On May 19, 2014, the Executive Board of the International Monetary Fund (IMF) concluded the Article IV consultation1 with Brunei Darussalam.
Oil and gas dominate Brunei’s economy, comprising two-thirds of output and most of exports and government revenues. Accumulated oil wealth and prudent policymaking have provided large fiscal and current account surpluses as well as a high standard of living for nationals, with a per capita GDP of over US$40,000. Given the nonrenewable nature of energy resources and the reliance of non-energy activity on the government sector, the authorities have embarked on a long-term strategy to diversify the economy.
In 2013, real GDP contracted 1.8 percent as the energy sector declined due to longer-than-expected maintenance of hydrocarbon facilities, which had similarly restrained growth in 2012. The nonenergy sector grew at a steady 2.7 percent, driven by public development expenditure and property financing. Continued appreciation of the Singapore dollar, to which the Brunei dollar is pegged, together with administered prices, helped contain CPI inflation to 0.4 percent in 2013. The current account weakened slightly to 31 percent of GDP as oil exports declined, while the primary fiscal balance narrowed slightly to 16½ percent of GDP on increased expenditures. Total credit increased 8 percent over the year, and banks remain well-capitalized, profitable, and with declining nonperforming loan ratios.
Brunei’s economic outlook remains favorable. As the energy sector recovers, GDP growth should rise to 5½ percent in 2014. Over the medium term, acceleration in the nonenergy sector due to infrastructure and downstream petrochemical projects is expected to further support growth between 4─5 percent through the medium term. The current account is expected to remain stable at around 30 percent of GDP and the fiscal balance is expected to stay robust at about 20 percent of GDP. The main risks to the economy stem from energy prices, to which Brunei appears well-cushioned by substantial fiscal buffers.
Looking ahead, key policy priorities include increasing human capital and generating employment opportunities, particularly for the youth, enhancing financial sector depth, and boosting private sector growth.
Executive Directors commended the authorities for the prudent policies that have promoted macroeconomic and social stability. Following the recent contraction, relating to a temporary disruption in energy production, the economy is expected to rebound as production of hydrocarbons recovers. Sizable reserve assets provide a buffer against near-term risks. Directors agreed that, over the longer-term, careful fiscal planning and diversification away from hydrocarbons, while fostering private sector development, are key to employment creation and long-term sustainable growth.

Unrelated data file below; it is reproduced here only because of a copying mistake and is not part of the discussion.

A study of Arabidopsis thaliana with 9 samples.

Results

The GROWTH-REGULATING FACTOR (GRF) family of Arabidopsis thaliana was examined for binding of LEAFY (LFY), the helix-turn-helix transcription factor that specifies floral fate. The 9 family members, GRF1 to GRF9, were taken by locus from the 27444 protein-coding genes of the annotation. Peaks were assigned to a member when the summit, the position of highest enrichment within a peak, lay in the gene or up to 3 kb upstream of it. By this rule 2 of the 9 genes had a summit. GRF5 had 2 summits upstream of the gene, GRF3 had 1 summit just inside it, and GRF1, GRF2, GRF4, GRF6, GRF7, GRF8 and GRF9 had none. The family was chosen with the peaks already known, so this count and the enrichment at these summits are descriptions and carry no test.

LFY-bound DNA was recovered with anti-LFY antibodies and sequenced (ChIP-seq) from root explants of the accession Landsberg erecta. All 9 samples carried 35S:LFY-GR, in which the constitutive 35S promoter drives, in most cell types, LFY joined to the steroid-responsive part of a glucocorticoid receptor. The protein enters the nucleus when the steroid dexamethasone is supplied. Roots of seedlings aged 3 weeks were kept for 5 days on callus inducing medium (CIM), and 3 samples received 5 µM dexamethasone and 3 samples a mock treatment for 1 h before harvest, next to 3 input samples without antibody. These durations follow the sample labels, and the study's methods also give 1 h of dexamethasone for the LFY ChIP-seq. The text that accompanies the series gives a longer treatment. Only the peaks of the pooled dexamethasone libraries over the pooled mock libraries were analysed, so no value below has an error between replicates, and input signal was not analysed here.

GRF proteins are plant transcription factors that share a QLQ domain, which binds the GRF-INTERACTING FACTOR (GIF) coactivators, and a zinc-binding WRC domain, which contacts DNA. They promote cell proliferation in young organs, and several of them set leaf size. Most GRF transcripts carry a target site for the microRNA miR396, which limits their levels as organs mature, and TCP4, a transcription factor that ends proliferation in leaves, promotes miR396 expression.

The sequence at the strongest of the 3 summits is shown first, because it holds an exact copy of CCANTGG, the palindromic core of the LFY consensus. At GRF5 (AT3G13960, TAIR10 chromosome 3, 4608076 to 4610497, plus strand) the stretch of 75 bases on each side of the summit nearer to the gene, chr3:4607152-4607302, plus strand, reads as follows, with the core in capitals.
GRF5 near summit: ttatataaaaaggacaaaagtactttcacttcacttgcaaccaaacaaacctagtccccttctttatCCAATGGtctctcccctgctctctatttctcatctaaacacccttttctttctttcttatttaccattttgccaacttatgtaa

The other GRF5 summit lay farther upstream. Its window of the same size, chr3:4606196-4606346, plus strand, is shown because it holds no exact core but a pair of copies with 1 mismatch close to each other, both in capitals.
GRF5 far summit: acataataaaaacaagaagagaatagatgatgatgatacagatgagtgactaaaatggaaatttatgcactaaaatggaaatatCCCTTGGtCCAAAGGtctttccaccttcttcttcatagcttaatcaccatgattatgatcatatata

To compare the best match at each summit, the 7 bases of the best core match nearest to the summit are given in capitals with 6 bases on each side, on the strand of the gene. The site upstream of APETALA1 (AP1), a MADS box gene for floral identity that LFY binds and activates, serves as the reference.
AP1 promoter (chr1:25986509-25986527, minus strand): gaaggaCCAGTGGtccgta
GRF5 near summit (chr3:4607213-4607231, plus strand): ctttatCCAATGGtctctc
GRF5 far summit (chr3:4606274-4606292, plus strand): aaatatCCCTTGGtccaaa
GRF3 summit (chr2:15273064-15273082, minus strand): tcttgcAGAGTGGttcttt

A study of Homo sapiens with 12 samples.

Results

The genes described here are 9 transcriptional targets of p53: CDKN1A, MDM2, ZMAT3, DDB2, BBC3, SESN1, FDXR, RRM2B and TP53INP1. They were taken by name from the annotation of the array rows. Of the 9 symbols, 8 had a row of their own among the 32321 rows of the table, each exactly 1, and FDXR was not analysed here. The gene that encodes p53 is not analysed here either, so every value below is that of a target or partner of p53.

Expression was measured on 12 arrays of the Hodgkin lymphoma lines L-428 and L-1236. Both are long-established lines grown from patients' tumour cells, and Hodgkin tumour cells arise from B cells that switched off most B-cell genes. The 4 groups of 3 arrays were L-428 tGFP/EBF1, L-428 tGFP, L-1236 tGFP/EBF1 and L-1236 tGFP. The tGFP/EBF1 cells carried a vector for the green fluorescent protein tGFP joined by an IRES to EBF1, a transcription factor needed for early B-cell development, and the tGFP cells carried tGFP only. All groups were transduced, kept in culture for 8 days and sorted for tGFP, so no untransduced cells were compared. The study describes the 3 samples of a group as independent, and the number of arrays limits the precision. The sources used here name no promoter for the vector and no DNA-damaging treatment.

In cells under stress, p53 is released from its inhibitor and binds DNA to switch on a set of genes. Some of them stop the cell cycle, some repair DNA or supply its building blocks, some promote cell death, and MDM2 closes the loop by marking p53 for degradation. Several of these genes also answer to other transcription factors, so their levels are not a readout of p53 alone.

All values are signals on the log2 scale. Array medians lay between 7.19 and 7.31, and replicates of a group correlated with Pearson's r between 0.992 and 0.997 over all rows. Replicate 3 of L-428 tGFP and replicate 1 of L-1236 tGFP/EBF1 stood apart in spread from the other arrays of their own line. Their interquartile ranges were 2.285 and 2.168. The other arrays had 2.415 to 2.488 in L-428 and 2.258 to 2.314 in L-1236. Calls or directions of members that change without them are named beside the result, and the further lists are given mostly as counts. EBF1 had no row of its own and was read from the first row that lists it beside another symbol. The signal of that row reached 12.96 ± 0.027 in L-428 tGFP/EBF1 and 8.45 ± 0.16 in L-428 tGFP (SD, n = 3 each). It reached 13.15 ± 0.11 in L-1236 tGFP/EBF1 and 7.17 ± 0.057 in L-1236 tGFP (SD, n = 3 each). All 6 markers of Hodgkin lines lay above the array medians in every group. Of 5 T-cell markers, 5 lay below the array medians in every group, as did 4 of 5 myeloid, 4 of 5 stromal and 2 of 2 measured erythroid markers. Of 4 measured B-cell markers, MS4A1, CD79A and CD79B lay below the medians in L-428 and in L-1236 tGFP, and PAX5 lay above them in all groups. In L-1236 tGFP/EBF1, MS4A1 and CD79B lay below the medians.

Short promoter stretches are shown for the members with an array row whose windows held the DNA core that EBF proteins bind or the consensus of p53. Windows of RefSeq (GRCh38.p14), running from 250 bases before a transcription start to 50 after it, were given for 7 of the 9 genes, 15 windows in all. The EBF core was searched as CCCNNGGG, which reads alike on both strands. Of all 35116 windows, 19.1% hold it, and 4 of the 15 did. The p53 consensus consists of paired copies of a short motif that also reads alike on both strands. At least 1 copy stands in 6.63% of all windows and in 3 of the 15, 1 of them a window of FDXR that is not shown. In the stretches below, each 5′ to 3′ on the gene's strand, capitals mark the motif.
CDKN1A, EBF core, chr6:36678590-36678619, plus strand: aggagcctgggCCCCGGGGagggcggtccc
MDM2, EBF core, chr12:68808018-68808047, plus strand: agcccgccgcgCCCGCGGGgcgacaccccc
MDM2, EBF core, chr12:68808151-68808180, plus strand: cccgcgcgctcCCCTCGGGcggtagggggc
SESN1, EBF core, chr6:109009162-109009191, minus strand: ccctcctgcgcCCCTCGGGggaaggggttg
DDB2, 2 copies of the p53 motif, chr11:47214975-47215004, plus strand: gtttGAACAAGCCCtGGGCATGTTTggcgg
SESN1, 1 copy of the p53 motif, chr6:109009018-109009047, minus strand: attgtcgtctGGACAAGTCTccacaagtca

Directors agreed that the current expansionary fiscal stance amid the decline in energy production is appropriate. To ensure long-term sustainability, they encouraged the authorities to formalize a medium-term fiscal policy framework. They also supported continued efforts to improve public financial management and to ensure the quality of public investment. Directors emphasized the need to formulate a long-term strategy for fuel subsidy reform with better-targeted support to improve efficiency and free up resources for long-term development goals.
Directors noted that the banking system is sound and well capitalized and welcomed the steps taken to strengthen the financial sector architecture. They saw scope for further financial sector development and encouraged additional measures in tandem with an appropriate macroprudential toolkit. Directors welcomed the improvements in the Anti-Money Laundering and Combating the Financing of Terrorism (AML/CFT) regime.
Directors noted that the current peg to the Singapore dollar continues to serve the economy well. They welcomed the Monetary Authority’s willingness to reconsider the interest rate controls and encouraged steps to expand lending to the private sector, through better use of credit information, improvements in financial reporting, as well as government support for SME financing.
Directors emphasized that a more conducive business environment and productive labor force will help support successful diversification. Active policies are needed to promote private sector employment and increase incentives to pursue higher education and training.
Directors welcomed recent steps to improve statistical capacity. They encouraged further efforts to address remaining gaps in data compilation and dissemination.